The High Court has refused to strike out claims of harassment brought by a solicitor and his wife over surveillance of them carried out at the instruction of a former client.
Richard Spearman QC, sitting as a High Court judge, dismissed the argument that his ruling would “sound the death knell” for legitimate surveillance activities.
Neil Gerrard, a partner in the London office of Dechert, and his wife Elizabeth are bringing claims for breaches of data protection law, misuse of private information, harassment, and trespass arising from surveillance activities carried out on behalf of Eurasian Natural Resources Corporation (ENRC) by various persons, including Diligence International.
The proceedings form part of high-profile and long-running litigation between Mr Gerrard and ENRC, for which he acted first at DLA Piper and then Dechert between 2010 and 2013 to investigate a number of ENRC’s subsidiaries.
In Commercial Court proceedings issued in 2017, ENRC claimed damages for breach of fiduciary duty and negligence, alleging that Mr Gerrard encouraged the Serious Fraud Office (SFO) to intervene in the investigation so as to expand the scope of that firm’s retainer and thus his own ability to generate fees. The fees ultimately topped £16m.
ENRC accused him also of leaking confidential and privileged material to both the media and the SFO.
Last year, ENRC brought further proceedings in the Chancery Division against the director of the SFO for inducing Dechert to breach its contract with the company.
Mr and Mrs Gerrard began proceedings last year claiming that ENRC has been unlawfully seeking to obtain personal information about him since at least December 2013, and conducting surveillance from at least 2014, with Diligence brought on board to provide intelligence and surveillance services since 2017.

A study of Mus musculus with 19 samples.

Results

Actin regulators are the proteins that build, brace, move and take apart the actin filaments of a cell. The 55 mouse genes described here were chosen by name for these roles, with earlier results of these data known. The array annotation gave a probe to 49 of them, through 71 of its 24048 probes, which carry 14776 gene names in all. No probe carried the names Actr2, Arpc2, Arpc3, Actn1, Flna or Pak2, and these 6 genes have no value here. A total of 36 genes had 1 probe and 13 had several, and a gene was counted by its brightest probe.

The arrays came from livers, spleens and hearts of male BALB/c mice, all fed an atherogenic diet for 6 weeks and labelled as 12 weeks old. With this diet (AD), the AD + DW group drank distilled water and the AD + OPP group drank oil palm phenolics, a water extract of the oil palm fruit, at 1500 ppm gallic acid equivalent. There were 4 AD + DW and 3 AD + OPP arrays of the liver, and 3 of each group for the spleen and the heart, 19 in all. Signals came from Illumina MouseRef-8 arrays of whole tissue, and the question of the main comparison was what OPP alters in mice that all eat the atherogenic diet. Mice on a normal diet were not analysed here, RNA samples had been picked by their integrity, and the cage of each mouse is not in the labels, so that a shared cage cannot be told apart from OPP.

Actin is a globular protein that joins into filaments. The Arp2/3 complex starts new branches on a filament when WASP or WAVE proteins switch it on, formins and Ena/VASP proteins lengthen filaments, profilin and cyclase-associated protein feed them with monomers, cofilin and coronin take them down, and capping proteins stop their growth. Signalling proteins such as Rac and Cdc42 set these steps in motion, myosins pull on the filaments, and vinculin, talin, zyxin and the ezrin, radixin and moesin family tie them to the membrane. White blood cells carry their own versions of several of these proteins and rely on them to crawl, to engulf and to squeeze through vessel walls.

In response to an application for an injunction, ENRC and Diligence undertook not to use any information obtained via the surveillance and from carrying out any further monitoring.
The judge recounted that ENRC and Diligence’s defences were that the surveillance was part of an investigation into Mr Gerrard’s wrongdoing for the purposes of both the Commercial Court and Chancery proceedings, and that the instructions provided to Diligence and the documents produced in respect of the investigation were for the dominant purpose of the litigation and thus subject to litigation privilege.
Further, they argued that the surveillance was reasonable and necessary in pursuit of the legitimate aim of investigating and preventing the wrongdoing, with surveillance not calculated to be, and was not, harassing of Mr or Mrs Gerrard, and was reasonable in light of this aim.
In the latest hearing, ENRC and Diligence sought to strike out Mr and Mrs Gerrard’s claim for harassment, saying that to succeed the couple would have to show the surveillance was calculated to cause distress to them – when in fact it had been covert.
Saying he was not persuaded that the claim had no real prospect of success, Mr Spearman ruled that, “once the victim learns of conduct which, objectively, constitutes harassment, I consider that it is no answer for the perpetrator to say that the perpetrator hoped or intended or planned that the victim would not find it out”.
In any case, he pointed to several activities which were actually discovered by the couple, such as being followed, tracking devices on Mr Gerrard’s car, and attempted surveillance on holiday and at work.
The judge added: “The argument that the claim of Mr and Mrs Gerrard cannot have any real prospect of success because to accede to it would sound the death knell for surveillance activities which are legitimate and even necessary is also exaggerated and without foundation…
“It seems to me that the courts plainly recognise that in this context, as in many others, it is necessary to carry out a balancing exercise between competing rights and interests. Precisely how the balance falls to be struck in any particular case typically depends on an intense focus on the facts…
“There is, in my view, no reason whatsoever to conclude that because surveillance is properly to be regarded as impermissible or inappropriate (or permissible and appropriate) in one case that the same outcome will apply in another.”
The defendants also claimed litigation privilege in respect of the surveillance and other activities, but Mr Spearman said this was premature, as disclosure had not yet taken place and so there were no specific claims to privilege over any specific documents.
Further, it would amount to a mini-trial – without any relevant evidence – of questions of privilege which were to be determined at trial and in relation to which ENRC and Diligence bore the burden of proof.